Book Review: My Best Friend’s Exorcism

My Best Friend’s Exorcism by Grady Hendrix is a dreadful book. It features a killer cover which won me over at the bookstore.

(Note: this review will contain spoilers about one particular plot point. But I honestly don’t know how the main story line is resolved, or what’s up with the possession and its subsequent exorcism.)


How cool is that cover? It looks like an old rental cassette. And the rainbow goes around the side and beyond. It’s such a beautiful book that I’m in love with it. I want to marry it.

At any rate, I DNFed at page 50. Someone somewhere likened this book to what happens when horror meets Tina Fey, but I can’t find the quote. Oh well. Anyway, I’m a huge fan of campy horror. Heck, I write campy horror. But this was disappointing.

First off, the writing seemed solid in a technical sense, but I couldn’t connect with the characters to save myself. There was no, like… no intimacy with them, and they felt flat and empty. Even when they were crying, I had no feeling of connection to them, as if there was a huge wall between us. It was really strange.

Second, the book became offensive. Date rapes were mentioned casually, in a “boys will be boys” sort of way. Ugh. And the two best friends–both of them girls–loved each other DBNQ (which apparently stands for “dearly but not queerly”). And in high school, they and two other girls do acid. The character who winds up becoming possessed didn’t want to do the acid. Her friends pretty much slammed her over the head with undue peer pressure, and they also lied about the origins of the acid. (They said it came from a drug dealer she trusted, when in reality it was found under the mattress after a raid on someone else in a hotel room.)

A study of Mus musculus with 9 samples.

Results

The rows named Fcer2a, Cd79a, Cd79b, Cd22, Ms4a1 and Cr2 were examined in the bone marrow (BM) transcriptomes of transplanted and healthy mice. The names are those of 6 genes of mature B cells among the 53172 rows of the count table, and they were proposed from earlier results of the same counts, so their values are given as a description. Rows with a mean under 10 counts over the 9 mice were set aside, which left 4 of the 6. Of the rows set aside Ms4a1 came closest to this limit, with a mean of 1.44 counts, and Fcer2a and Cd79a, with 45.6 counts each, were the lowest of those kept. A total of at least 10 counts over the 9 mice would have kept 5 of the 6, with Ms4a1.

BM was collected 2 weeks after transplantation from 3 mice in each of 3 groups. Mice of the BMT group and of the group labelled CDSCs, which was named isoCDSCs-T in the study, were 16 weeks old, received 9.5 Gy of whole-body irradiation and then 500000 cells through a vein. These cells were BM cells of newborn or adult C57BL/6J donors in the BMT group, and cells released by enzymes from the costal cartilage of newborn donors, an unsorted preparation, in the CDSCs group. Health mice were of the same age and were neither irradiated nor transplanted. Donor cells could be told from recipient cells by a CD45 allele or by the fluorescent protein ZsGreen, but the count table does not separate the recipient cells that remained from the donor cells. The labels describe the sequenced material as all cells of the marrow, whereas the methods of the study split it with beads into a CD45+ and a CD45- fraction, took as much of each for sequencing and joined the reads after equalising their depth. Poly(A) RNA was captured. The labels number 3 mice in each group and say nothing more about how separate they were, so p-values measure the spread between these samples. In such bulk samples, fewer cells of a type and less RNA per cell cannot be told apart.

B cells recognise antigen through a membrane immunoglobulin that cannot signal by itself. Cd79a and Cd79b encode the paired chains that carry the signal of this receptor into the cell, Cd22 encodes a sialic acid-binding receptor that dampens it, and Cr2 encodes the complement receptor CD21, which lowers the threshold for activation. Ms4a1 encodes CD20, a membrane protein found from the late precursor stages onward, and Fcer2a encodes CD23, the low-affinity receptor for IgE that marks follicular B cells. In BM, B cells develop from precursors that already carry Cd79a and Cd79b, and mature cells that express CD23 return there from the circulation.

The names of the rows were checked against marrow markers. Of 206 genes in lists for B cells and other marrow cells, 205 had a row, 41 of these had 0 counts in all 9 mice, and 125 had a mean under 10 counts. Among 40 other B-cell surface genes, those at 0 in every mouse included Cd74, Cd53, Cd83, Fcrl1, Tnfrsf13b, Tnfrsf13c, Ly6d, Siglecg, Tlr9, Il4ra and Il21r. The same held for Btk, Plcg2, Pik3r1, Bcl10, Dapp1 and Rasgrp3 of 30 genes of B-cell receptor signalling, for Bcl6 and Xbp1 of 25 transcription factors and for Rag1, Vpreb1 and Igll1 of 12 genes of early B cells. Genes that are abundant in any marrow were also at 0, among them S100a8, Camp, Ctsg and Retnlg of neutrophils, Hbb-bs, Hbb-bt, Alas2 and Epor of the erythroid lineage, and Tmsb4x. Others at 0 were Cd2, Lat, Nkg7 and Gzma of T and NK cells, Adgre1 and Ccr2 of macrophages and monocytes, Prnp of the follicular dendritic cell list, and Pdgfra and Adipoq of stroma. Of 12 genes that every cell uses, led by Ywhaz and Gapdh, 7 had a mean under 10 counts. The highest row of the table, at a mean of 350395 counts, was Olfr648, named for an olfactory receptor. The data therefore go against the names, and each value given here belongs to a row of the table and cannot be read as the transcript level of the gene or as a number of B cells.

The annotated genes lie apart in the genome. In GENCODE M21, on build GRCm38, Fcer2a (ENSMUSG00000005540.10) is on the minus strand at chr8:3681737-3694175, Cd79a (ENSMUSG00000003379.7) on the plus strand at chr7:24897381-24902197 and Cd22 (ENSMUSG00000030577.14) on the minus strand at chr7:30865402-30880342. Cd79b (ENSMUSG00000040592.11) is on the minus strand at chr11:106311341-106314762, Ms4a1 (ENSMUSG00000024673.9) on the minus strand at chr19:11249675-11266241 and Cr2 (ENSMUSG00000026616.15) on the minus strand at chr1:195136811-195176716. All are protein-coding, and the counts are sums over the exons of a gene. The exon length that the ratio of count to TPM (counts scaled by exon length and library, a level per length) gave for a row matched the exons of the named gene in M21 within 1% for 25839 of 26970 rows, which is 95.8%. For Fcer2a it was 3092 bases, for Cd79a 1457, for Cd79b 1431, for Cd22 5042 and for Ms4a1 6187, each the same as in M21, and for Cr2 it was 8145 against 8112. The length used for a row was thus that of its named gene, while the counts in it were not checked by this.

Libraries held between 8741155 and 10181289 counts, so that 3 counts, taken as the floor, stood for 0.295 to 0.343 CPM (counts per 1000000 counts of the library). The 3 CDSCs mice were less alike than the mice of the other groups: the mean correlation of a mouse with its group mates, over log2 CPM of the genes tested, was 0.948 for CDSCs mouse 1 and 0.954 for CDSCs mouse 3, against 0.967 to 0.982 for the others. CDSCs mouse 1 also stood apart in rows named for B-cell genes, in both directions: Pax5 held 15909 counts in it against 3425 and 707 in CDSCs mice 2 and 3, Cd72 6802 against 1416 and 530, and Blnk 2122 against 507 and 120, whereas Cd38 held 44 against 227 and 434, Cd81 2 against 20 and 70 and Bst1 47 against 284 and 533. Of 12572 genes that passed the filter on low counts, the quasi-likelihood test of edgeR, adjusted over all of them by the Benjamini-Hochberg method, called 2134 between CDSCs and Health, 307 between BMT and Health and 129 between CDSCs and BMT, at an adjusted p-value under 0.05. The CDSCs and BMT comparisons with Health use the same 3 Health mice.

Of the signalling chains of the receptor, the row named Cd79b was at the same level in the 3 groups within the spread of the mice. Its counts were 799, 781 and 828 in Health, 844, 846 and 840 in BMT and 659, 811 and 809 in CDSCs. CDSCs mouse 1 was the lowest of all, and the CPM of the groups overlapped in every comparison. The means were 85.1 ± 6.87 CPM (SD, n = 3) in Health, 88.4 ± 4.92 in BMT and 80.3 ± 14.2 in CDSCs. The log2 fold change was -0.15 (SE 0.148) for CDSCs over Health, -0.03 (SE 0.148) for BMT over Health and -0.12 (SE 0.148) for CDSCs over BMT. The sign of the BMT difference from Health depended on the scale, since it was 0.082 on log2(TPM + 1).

But I’m saying this as if I had any connection to what was happening. It felt as if these characters were miles away.

That was when I stopped reading. I couldn’t muster any interest at all.

According to multiple other reviewers, the dog is killed in a horrific way. None of the reviewers would clarify except to say that it was that bad. Several reviewers viciously cursed out Grady Hendrix. I don’t even want to know. One reviewer even went to a website called something like, and yes, he discovered that the dog does die. Goodness gracious. Oh wow, it’s an actual site. Okay. Huh. Good to know.

The author tried too hard to make a nostalgic connection to the 1980s. I was his target audience, since I lived the magic of that decade. Roller rinks, yes! And E.T. is one creepy alien! But nostalgia only works in a book when you feel connected to the characters. Otherwise, you can have all the Reese’s Pieces in the world and they won’t taste good. Or something. [Shrug.] (That made sense in my head.)


I’ve been trying to read more books lately. I’m into horror, and I also want to reread some Christopher Pike while continuing to tackle my current read, Sweet Miss Honeywell’s Revenge. It’s rather slow-paced, so I have a bad feeling that I’ll DNF it.

I got back into reading by asking myself how I intend to stay entertained on the flights to and from Prague this October. So that’s been good.